Astride the chasm that is our red-blue divide, polarization divides — and increasingly threatens to tear apart — our country and its institutions.

Polarization differs from partisanship, the notion of intellectually competing ideas that are thrashed out in healthy argument in the public square. It is more akin to parallel universes — next to each other but untraversable. 

“With polarization, it is the people themselves who are divided, living an isolated and siloed existence in their own spheres, depending on different sources of information, and distrustful, if not dismissive, of the other group and their sources of information.”

The speaker of that statement was Cardinal Blaise Cupich of Chicago. He was one of two keynoters at a recent conference at Georgetown University that attracted nearly 100 Catholics of various political leanings. The other keynoter was Los Angeles’ own Archbishop José H. Gomez.

“Though Many, One: Overcoming Polarization through Catholic Social Thought” was sponsored by Georgetown’s Initiative on Catholic Social Thought and Public Life. Perhaps playing off the scriptural reference in the title, Archbishop Gomez noted that “there is no ‘polarization’ in the communion of saints; and there are no ‘single-issue’ saints.”

Unfortunately, down here on the earth, we are not so blessed.

Several participants noted that politics is increasingly substituting for, or co-opting, religion. According to Cheri Harder of the Trinity Forum, 40 percent of marriages are interfaith, but only 20 percent are inter-party. 

Pollsters tell us that increasingly, Catholic Republicans look more like their fellow Republicans and less like their co-religionists who are Democrats, and vice versa.

Which is a tragedy, many of the conference participants argued, because Catholic social teaching may be a way out of the ideological cul-de-sac that both parties have led us into, but only if Catholics themselves embrace the opportunity.

As Bishop Daniel Flores told the conference in written remarks, “The Gospel and Catholic Social Teaching are larger than the confines of current political discourse.”

Polarized Catholics may see a divide between the Church’s moral teachings — on abortion, for example — and its social teachings — on just wages or the environment or immigration. This divide is the artificial construct of political ideologies, however.

As Princeton constitutional scholar Robert George put it, “Catholic social thought is Catholic moral teaching and vice versa.” It is one integrated teaching about how Catholics should live their lives, he said. The core principle that unites the Church’s teaching is the “profound, inherent and equal dignity of every human being.”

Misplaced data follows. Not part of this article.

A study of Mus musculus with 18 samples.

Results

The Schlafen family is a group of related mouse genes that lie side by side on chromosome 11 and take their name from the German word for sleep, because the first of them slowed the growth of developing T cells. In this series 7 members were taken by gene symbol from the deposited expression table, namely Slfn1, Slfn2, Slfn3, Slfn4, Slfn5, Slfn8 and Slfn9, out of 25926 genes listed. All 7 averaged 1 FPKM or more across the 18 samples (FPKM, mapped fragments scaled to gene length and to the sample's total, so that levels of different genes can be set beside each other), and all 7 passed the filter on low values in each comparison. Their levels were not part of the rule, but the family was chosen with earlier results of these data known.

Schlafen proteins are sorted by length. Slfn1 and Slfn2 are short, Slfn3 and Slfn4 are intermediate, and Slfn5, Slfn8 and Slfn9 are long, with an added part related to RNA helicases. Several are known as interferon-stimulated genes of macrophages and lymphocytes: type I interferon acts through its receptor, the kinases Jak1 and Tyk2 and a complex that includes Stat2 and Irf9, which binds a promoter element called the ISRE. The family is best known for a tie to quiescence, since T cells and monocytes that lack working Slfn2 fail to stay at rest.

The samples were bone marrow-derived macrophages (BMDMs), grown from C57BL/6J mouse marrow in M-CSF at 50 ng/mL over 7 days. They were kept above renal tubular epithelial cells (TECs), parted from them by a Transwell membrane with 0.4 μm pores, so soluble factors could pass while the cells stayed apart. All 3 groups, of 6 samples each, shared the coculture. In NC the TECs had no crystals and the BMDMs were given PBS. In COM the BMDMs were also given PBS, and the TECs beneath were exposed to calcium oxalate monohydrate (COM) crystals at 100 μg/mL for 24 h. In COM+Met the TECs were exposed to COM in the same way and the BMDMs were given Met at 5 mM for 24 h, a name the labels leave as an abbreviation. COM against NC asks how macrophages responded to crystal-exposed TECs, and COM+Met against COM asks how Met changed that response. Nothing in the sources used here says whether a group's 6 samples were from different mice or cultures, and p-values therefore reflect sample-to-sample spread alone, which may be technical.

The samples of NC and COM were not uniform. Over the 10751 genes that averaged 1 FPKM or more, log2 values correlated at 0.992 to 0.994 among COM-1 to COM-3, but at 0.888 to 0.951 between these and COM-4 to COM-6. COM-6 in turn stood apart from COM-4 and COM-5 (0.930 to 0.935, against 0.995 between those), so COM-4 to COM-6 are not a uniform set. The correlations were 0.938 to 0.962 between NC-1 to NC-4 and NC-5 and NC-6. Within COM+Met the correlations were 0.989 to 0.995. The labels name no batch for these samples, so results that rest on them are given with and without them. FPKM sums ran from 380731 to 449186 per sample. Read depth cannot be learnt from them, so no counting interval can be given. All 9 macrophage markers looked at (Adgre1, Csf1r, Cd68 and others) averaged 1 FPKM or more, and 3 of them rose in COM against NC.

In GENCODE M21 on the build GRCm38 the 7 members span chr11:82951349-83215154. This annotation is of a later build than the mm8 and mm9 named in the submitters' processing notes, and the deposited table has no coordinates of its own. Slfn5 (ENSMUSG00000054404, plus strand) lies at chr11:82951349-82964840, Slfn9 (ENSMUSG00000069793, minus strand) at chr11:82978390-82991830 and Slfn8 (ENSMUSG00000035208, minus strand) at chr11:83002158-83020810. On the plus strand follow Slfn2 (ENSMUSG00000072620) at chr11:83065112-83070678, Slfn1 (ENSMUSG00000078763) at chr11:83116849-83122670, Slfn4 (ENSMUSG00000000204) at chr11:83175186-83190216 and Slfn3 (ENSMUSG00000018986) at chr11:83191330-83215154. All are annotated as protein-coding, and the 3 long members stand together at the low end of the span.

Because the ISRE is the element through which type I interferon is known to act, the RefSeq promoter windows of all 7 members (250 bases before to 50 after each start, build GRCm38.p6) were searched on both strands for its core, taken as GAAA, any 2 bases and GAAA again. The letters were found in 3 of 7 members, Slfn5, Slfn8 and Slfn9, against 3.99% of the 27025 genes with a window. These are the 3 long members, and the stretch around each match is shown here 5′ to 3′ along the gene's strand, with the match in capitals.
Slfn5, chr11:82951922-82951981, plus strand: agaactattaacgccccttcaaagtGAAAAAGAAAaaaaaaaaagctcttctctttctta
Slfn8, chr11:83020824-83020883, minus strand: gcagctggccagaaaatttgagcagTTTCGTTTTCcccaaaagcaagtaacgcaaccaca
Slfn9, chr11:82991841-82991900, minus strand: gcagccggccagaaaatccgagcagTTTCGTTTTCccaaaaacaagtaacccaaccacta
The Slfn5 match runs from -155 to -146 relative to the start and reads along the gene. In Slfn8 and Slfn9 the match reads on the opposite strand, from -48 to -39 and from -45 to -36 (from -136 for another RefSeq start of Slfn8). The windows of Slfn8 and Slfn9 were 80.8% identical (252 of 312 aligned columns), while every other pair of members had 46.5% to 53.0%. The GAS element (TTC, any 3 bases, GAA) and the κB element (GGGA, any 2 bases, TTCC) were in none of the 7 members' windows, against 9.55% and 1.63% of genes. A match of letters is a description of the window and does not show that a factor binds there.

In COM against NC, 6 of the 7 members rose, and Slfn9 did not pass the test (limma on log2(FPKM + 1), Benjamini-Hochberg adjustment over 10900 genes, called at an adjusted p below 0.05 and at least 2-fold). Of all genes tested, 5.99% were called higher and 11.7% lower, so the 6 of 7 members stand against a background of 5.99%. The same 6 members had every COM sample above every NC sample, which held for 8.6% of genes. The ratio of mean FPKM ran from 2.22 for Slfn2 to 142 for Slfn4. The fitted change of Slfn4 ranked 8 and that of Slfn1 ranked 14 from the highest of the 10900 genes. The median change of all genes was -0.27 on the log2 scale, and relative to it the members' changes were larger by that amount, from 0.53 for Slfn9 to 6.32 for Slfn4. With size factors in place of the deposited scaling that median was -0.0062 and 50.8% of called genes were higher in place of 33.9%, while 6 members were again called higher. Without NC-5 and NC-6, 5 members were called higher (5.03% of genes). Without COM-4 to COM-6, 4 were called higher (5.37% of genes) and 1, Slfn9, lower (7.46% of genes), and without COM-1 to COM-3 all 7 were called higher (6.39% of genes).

The result, George admitted, is that it is “very difficult politically to be a Catholic.” As one sees in the flurry of statements and press releases that weekly flow from the U.S. Bishops Conference, the Church stakes out positions on abortion, immigration, the death penalty, euthanasia and other issues that simply do not conform to the agendas of either party.

For George, this may simply be an unresolvable conundrum in this political climate. He quoted Father Richard Neuhaus: “It is not up to us to get the victory. Our job is to be faithful.”

Yet many of the conference participants felt that Catholic social teaching provides the Church with two opportunities: to cross the ideological divides with a both/and message, and to reinvigorate the Catholic role and presence in the world.

This may also be the fond wish of some non-Catholics like Michael Gerson, author of a recent cover story in The Atlantic on the troubled plight of Evangelicals. “Modern evangelicalism has an important intellectual piece missing,” wrote Gerson. “It lacks a model or ideal of political engagement — an organizing theory of social action.” 

In the past two centuries, “Catholics developed a coherent, comprehensive tradition of social and political reflection,” developing such principles as solidarity and subsidiarity. These principles, he admitted, “splendidly” complicate our politics by linking pro-life concerns with the plight of immigrant children, for example.

“Of course, American Catholics routinely ignore Catholic social thought,” he acerbically concluded. “But at least they have it.”

How to get Catholics to know Catholic social and moral teaching is a pressing need? The Church should commit itself to the formation of adult Catholics in such principles as solidarity and subsidiarity. 

It also needs to teach the principles of prudential judgment, which is far more sophisticated and demanding than the escape clause used by some Catholics who prefer not to be troubled by those teachings of the Church with which they disagree.

Is such a formation effort possible? It will take pastors who are unafraid of scowling parishioners and bishops willing to say goodbye to angry donors. 

But such a formation effort — combined with a genuine public witness as modeled by Pope Francis and Archbishop Gomez’s beloved Dorothy Day — could go a great way to healing other divides, with Millennials, with Hispanics, with Black Christians and with the disaffiliated — by showing Catholicism to be more than a Church of “thou shalt nots.” 

We could become living examples of the Church’s inalterable commitment to the “profound, inherent and equal dignity of every human being.”


Greg Erlandson is director and editor-in-chief of Catholic News Service.